Source: El Pais - Tue 26th Apr 2016
PSOE come up with last-ditch offer in bid to avoid new elections

In a last-minute attempt to avert new elections in Spain, the Socialist Party (PSOE) on Tuesday accepted nearly all of the policy points contained in a document seeking the creation of a leftist governing alliance.

The party’s congressional spokesman, Antonio Hernando, said that the PSOE was ready to say yes to 27 of the 30 items presented to them by Compromís, a regional party from Valencia that wants to see a government made up of the Socialists, Podemos, United Left and themselves.

Hernando added that the new government should be headed by Socialist leader Pedro Sánchez and made up of independent members. He said that this hypothetical Cabinet would submit to a vote of confidence two years after taking office, in June 2018.

A similar “government of change” had already been suggested earlier by Podemos leader Pablo Iglesias, but his demands for Cabinet positions and his stance on a number of issues had put him at odds with Sánchez.

Instead, the PSOE entered into a preliminary governing deal with Ciudadanos, Spain’s other emerging, reform-oriented party. But their combined seats were not enough for an overall majority in Congress (176), and the project has failed to gain support from other parties.

If no deal is struck between now and May 2, the king will dissolve parliament and call new elections for June 26.

On Tuesday, Ciudadanos announced that it will not be backing this latest document introduced by Compromís, citing its vagueness on almost all the issues.

“I have seen three pages discussing how six parties are to govern for four years. I think that says it all,” said party leader Albert Rivera.

Rivera, whose party holds 40 seats in Congress, also noted that the Socialists don’t really need Ciudadanos’s support if they instead associate with the parties mentioned in the Compromís proposal. “He [Sánchez] did not need us on December 21 and he doesn’t need us now.”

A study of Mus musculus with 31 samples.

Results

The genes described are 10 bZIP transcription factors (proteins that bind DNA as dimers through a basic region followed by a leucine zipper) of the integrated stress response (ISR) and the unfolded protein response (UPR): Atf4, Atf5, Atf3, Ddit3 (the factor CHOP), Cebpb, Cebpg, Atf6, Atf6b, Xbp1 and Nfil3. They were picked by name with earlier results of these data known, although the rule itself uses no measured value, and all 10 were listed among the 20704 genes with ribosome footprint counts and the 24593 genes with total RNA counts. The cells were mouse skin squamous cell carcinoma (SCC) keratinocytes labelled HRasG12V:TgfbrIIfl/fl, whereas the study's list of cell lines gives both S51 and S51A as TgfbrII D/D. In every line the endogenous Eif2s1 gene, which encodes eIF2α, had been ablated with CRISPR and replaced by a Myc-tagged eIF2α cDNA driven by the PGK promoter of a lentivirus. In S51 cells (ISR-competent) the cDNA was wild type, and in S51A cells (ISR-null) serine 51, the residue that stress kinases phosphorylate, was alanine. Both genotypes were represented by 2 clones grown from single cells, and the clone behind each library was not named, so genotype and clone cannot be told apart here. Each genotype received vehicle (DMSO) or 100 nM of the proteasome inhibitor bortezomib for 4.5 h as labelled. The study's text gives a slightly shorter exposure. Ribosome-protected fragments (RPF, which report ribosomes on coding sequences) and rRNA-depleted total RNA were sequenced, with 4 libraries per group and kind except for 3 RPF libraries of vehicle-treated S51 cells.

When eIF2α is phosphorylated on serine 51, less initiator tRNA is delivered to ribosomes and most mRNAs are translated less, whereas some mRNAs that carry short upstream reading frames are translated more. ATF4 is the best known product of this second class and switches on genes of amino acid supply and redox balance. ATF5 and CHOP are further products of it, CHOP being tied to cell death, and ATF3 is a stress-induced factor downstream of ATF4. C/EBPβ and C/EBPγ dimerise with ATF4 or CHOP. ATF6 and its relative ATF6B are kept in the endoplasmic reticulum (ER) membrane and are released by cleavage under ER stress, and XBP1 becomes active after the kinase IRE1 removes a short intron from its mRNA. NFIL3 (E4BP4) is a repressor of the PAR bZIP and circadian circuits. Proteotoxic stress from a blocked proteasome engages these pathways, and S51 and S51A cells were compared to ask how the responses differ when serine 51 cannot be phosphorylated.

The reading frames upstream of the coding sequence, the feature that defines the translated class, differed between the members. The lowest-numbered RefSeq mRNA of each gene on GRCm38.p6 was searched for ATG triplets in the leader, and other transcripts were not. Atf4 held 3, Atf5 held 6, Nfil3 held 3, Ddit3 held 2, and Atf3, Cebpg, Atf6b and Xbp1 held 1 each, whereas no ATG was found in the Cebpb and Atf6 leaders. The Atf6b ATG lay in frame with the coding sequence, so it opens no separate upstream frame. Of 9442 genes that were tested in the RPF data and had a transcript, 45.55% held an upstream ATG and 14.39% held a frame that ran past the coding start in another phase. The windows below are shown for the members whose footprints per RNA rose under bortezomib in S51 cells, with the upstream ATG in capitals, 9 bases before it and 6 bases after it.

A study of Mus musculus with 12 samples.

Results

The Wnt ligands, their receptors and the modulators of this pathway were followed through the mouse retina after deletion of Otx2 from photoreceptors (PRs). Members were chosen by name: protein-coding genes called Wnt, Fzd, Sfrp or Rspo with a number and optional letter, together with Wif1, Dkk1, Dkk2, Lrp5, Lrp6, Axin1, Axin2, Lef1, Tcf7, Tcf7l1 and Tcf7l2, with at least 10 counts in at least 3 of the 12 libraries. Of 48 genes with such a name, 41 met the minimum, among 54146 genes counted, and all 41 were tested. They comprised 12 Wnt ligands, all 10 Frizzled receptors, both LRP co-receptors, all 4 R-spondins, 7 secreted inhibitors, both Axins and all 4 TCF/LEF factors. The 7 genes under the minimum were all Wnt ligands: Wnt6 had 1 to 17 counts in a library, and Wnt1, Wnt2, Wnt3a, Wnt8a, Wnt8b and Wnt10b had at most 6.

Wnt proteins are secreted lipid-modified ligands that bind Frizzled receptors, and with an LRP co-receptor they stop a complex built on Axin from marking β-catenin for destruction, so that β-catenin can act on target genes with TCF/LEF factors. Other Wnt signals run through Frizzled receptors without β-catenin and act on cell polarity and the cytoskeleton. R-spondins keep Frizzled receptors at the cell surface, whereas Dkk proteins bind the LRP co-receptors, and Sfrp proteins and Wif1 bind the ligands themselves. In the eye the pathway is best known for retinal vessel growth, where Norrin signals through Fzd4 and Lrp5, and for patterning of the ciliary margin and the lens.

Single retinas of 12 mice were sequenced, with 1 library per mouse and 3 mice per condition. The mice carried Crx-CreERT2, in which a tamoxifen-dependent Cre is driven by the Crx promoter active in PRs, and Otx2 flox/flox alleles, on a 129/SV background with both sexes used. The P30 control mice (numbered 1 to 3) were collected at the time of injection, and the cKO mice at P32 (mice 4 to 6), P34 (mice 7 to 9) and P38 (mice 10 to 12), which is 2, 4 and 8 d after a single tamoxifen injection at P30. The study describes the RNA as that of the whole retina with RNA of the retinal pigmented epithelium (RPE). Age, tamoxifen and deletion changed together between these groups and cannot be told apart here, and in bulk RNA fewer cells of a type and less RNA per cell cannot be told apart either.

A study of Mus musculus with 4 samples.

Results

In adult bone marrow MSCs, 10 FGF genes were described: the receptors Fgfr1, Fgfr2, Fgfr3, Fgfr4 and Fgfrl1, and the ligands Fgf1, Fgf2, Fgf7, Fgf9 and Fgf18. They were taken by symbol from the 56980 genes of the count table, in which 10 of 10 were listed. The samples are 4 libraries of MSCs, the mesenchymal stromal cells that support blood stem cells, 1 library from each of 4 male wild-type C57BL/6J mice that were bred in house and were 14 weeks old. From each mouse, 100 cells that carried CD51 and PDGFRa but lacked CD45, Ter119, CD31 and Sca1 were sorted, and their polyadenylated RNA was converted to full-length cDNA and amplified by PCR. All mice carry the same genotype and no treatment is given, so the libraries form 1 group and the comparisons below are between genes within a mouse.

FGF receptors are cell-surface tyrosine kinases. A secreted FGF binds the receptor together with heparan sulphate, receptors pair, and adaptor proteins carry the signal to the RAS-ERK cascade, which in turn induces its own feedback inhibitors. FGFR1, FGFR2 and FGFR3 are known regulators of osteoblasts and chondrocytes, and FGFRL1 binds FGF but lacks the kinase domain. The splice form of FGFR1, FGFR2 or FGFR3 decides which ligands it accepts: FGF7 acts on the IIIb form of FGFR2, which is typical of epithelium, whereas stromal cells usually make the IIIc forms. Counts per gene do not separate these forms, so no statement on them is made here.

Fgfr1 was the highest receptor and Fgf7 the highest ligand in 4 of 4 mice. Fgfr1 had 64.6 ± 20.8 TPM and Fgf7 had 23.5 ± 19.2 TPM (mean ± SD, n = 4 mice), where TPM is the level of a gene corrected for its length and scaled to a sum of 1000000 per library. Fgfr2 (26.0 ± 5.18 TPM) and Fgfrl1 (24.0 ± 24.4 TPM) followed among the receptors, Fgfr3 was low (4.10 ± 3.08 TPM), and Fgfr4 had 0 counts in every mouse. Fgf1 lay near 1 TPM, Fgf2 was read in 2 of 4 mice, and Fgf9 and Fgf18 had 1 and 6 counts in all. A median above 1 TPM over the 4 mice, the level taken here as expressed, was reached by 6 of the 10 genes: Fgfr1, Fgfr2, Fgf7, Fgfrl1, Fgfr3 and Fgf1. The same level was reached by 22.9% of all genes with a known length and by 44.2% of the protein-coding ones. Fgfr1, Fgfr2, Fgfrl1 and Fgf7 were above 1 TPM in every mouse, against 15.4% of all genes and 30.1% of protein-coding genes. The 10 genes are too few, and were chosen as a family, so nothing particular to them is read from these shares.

But Socialist spokesman Hernando sought to counter the suggestion that his party was ready to break its agreement with Ciudadanos.

“Let’s make it clear that we are going to honor the commitments of this agreement and of the agreement signed with Ciudadanos,” he said at a press conference held inside Congress.

Hernando said he was aware that Spain’s two emerging parties are refusing to work together.

“Podemos and Ciudadanos have manifested their incompatibility,” he said. “That is why we feel that a reasonable way out is to have a Socialist government with the addition of independents in various fields.”

Hernando said that this proposal is compatible with their agreement with Ciudadanos, which would also have a place in the new administration.

While the political situation remains complicated and a new election looms large on the horizon, this new initiative by Compromís has re-opened the debate.

Pedro Sánchez had an appointment with Felipe VI later on Tuesday to discuss Spain’s political situation. The monarch is seeing 14 political leaders this week in the third and last round of contacts to determine whether there is still a chance to avoid a new vote, following the inconclusive election of December 20.

Given the latest developments, Sánchez may ask the king to wait until the last possible minute before dissolving parliament. There is a precedent in Catalonia, where three months of political gridlock following regional elections came to a head in January with a last-minute deal to elect a new regional premier that avoided fresh elections.

“We have until zero hours of next Monday to negotiate,” said Hernando. There would still be time for an investiture vote to be held between Friday and Saturday, he added.

“If Ciudadanos, Podemos and its associates, and Compromís all vote in favor of investing Pedro Sánchez with the premiership, there would be time. We have to try.”